The tennis player Novak Djokovic was re-arrested and taken to the Melbourne Park Hotel, where he had held following the first cancellation of his visa upon his arrival in Melbourne, Australia. On Sunday at 9.30 a.m. (local time), an emergency court hearing will define whether or not the Serb will be able to play in the Australian Open, which starts on Monday, Jan. 17.

Djokovic won his first legal round against the Australian authorities, who intend to deport him. But the world No. 1 tennis player now faces a formidable challenge on Sunday in his second round when he will face a court that will define his future regarding whether or not he can remain in Australia, Reuters reported.

On Saturday, Djokovic was again detained by immigration after his legal challenge to avoid deportation from Australia for not being vaccinated against COVID-19 was moved to a higher court.

A hearing in the Federal Court of Australia is scheduled for Sunday, just a day before the nine-time Australian Open winner was due to begin his title defense.

Djokovic and his lawyers met with immigration officials on Saturday morning and, by mid-afternoon, Australian media reported that the tennis star was again detained. 

Television footage showed the 34-year-old Serb wearing a face mask as he sat in a vehicle near an immigration detention hotel, known as Melbourne Park Hotel.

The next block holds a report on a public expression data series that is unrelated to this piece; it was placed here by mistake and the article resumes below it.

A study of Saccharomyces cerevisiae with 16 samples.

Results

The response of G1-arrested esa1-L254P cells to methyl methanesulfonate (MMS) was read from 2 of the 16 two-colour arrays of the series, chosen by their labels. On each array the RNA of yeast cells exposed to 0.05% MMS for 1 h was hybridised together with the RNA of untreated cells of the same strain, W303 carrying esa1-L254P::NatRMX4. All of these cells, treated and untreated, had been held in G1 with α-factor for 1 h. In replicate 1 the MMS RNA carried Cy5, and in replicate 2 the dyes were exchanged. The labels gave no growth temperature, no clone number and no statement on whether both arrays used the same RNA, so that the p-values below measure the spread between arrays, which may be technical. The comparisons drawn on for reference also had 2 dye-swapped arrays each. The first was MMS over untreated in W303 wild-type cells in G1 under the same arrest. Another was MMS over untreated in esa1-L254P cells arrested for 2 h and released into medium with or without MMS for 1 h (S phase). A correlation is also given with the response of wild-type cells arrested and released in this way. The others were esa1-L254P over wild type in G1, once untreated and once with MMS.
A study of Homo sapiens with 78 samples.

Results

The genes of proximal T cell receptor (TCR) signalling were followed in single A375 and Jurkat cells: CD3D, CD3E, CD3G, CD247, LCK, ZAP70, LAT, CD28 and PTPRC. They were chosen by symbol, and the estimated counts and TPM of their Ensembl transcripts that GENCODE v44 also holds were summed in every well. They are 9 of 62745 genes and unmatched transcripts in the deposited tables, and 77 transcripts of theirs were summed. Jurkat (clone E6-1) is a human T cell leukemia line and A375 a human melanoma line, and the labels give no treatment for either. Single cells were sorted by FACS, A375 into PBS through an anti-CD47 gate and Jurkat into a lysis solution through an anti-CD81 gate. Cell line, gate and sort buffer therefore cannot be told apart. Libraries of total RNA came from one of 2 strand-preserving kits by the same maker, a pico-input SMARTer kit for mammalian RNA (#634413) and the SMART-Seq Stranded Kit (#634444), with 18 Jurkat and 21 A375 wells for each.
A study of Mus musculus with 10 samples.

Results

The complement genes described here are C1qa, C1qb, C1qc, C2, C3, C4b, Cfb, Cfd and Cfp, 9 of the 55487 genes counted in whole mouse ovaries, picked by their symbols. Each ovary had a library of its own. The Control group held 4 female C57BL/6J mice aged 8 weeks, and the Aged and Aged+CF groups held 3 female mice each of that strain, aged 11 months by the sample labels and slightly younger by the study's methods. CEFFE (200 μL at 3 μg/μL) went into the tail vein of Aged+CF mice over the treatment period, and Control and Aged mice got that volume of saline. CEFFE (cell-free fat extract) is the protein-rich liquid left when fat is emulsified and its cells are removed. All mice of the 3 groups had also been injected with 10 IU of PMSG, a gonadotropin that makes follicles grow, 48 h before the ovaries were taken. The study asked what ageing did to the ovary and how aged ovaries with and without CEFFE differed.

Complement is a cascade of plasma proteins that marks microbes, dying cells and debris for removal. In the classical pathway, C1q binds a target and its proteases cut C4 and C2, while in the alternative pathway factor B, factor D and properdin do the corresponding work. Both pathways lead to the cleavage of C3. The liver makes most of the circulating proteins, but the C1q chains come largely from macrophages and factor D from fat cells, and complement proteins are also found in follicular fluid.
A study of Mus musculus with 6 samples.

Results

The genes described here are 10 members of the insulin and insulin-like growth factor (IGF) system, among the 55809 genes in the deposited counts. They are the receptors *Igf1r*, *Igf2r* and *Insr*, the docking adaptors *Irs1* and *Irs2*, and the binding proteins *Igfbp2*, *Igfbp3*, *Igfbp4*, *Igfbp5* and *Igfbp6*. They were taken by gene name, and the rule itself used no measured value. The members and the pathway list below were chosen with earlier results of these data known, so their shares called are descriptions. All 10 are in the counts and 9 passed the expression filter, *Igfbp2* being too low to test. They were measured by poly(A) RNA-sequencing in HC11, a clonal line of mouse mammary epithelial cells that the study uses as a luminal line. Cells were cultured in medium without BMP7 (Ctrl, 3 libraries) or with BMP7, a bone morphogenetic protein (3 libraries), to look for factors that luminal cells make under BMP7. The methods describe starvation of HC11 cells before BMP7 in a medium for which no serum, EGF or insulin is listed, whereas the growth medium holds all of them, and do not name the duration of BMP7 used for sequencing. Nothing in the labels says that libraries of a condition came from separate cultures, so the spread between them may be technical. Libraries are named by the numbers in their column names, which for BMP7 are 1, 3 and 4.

If the Federal Court upholds the appeal, it will allow Djokovic to attempt to win his 10th Australian Open and become the all-time, male leader with 21 Grand Slam titles, surpassing even the historic Roger Federer and Rafael Nadal.

However, if his appeal is dismissed, he will be unable to play in the Open and face the possibility of not being allowed to enter Australia for at least three years.

Djokovic’s case at center stage caused a real rift in the Tennis world. 

Alex Hawke, Australia’s immigration minister, used his ministerial powers to cancel the tennis player’s visa again, arguing that: “The Morrison government is firmly committed to protecting Australia’s borders, especially in relation to the COVID-19 pandemic,” alluding to Australia’s prime minister, as reported by ABC News on Jan. 14. 

In this regard, Djokovic’s lawyer, Nick Wood, noted his concern about the impact of this new setback in light of the short time available.

“As things stand, Mr. Djokovic could be scheduled to play Monday night or Tuesday night … under those circumstances, we are very concerned about the timing,” Wood shared. 

From a legal standpoint, Wood, along with his team of collaborators, does not accept that the sentiments argued by the immigration minister are a legitimate reason to deny the sports star a shot at a record 21 Grand Slam titles.